Turkish President Recep Tayyip Erdogan launched a fierce attack against Greece and Prime Minister Kyriakos Mitsotakis on Wednesday, saying that he does know his place and he is deserted by allies.
Speaking in Parliament, Erdogan told lawmakers from his AK Party he could not meet Mitsotakis despite a resumption of talks between the two NATO members over their maritime disputes.
Erdogan said Mitsotakis had “challenged” him, and called on the Greek premier to “know his limits.”
Speaking in Parliament, President #Erdogan hurled threats against #Greece today, said Greek Prime Minister does know his place, deserted by allies, made it clear #Turkey would respond to Greece with whatever necessary when needed, and ruled out a unified #Cyprus option for good. pic.twitter.com/FI9y9HhCZ8
— Abdullah Bozkurt (@abdbozkurt) February 10, 2021
Greece calls for Cyprus federation
Erdogan’s statements come after remarks made by PM Mitsotakis on Monday, saying that the “only viable solution” to the Cyprus issue “is a bizonal, bicommunal federation with political equality.
“Ending Turkish occupation and finding a viable solution are a fundamental Greek foreign policy priority,” Mitsotakis stated after a meeting with Cyprus President Nicos Anastasiades in Nicosia.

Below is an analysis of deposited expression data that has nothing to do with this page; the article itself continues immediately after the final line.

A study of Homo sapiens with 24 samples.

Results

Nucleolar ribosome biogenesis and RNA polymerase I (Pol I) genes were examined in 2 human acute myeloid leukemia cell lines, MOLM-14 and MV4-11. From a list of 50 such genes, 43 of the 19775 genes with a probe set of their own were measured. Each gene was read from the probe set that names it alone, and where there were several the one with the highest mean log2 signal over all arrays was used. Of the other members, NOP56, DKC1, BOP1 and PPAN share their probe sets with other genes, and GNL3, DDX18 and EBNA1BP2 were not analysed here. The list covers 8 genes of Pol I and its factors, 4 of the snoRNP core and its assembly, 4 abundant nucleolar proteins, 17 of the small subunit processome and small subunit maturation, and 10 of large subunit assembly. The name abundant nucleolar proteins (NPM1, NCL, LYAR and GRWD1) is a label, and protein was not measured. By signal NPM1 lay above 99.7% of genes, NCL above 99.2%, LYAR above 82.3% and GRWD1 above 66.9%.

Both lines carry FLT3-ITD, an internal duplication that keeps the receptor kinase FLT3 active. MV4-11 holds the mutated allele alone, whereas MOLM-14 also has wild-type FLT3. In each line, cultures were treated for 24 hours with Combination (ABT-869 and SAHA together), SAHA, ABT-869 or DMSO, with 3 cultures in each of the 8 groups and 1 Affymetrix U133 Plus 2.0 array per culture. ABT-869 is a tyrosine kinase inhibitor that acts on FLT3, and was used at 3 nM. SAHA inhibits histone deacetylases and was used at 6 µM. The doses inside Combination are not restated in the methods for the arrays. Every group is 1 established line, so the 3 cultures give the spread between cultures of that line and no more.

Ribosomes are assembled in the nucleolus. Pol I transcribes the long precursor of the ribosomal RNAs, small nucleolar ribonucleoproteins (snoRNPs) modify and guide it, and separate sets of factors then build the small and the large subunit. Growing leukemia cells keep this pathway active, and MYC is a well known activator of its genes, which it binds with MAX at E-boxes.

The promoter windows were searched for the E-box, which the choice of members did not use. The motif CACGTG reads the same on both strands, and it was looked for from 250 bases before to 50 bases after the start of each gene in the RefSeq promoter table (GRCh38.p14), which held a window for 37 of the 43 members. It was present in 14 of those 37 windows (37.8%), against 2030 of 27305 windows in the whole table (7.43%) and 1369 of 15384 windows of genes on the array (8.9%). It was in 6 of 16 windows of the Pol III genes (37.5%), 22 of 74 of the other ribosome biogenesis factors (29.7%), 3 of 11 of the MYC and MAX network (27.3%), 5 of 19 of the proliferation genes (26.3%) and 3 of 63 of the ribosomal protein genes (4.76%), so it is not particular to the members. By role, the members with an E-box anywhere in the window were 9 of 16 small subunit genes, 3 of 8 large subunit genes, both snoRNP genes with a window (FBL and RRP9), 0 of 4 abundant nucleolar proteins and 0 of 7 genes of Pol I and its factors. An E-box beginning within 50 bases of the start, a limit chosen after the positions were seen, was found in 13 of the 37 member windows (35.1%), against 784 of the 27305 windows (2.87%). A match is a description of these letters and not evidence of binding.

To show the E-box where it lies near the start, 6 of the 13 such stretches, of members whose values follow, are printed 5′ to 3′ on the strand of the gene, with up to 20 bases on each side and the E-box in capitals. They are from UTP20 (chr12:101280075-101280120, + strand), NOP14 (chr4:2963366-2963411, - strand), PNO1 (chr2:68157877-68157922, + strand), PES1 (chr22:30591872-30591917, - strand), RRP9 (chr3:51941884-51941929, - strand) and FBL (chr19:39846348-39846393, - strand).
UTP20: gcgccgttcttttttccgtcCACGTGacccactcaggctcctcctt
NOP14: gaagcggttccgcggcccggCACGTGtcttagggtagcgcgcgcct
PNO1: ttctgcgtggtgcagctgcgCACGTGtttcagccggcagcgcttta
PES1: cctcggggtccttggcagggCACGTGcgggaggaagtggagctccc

“The only viable solution is a bizonal, bicommunal federation with political equality,” Mitsotakis added.
The Turkish president dismissed Mitsotakis’ proposal on the issue and further stated that “The Greek side has not made the slightest change in its stance disregarding the existence of Turkish Cypriots on the island.”
Erdogan: Two-state solution is the sole option
“A two-state solution is the sole option for Cyprus, federal system is no longer an option on agenda.
“I know that you put your trust in some places,” Erdogan continued, referring to the EU.
“But those whom you trust have already failed you. Turkey, on the other hand, will not lean on anyone. It will stand up for itself,” Erdogan proclaimed.
Last month, Turkey and Greece launched the first direct exploratory talks in nearly five years to address their disputes related to sovereignty rights in the Eastern Mediterranean.
That meeting in Istanbul, the 61st round of such parleys, lasted only a few hours but both sides said that they had agreed to meet again in Athens.
Greece has clearly stated that it is coming to the exploratory contacts with confidence, in good faith, a spirit of cooperation, a constructive climate and in the hope that the talks will lead to a de-escalation of tensions. Greece has also stated that it hopes the Turkish side will come in a similar spirit.
Foreign Minister Nikos Dendias stated in a recent interview that there are some issues which “are not up for discussion”, such as those concerning “national sovereignty and the demilitarization of Greek islands.”
In any case, continued the Minister, exploratory talks “are not negotiations, they are informal, there are no minutes taken during the meetings, and neither side has to assume responsibilities or make commitments.”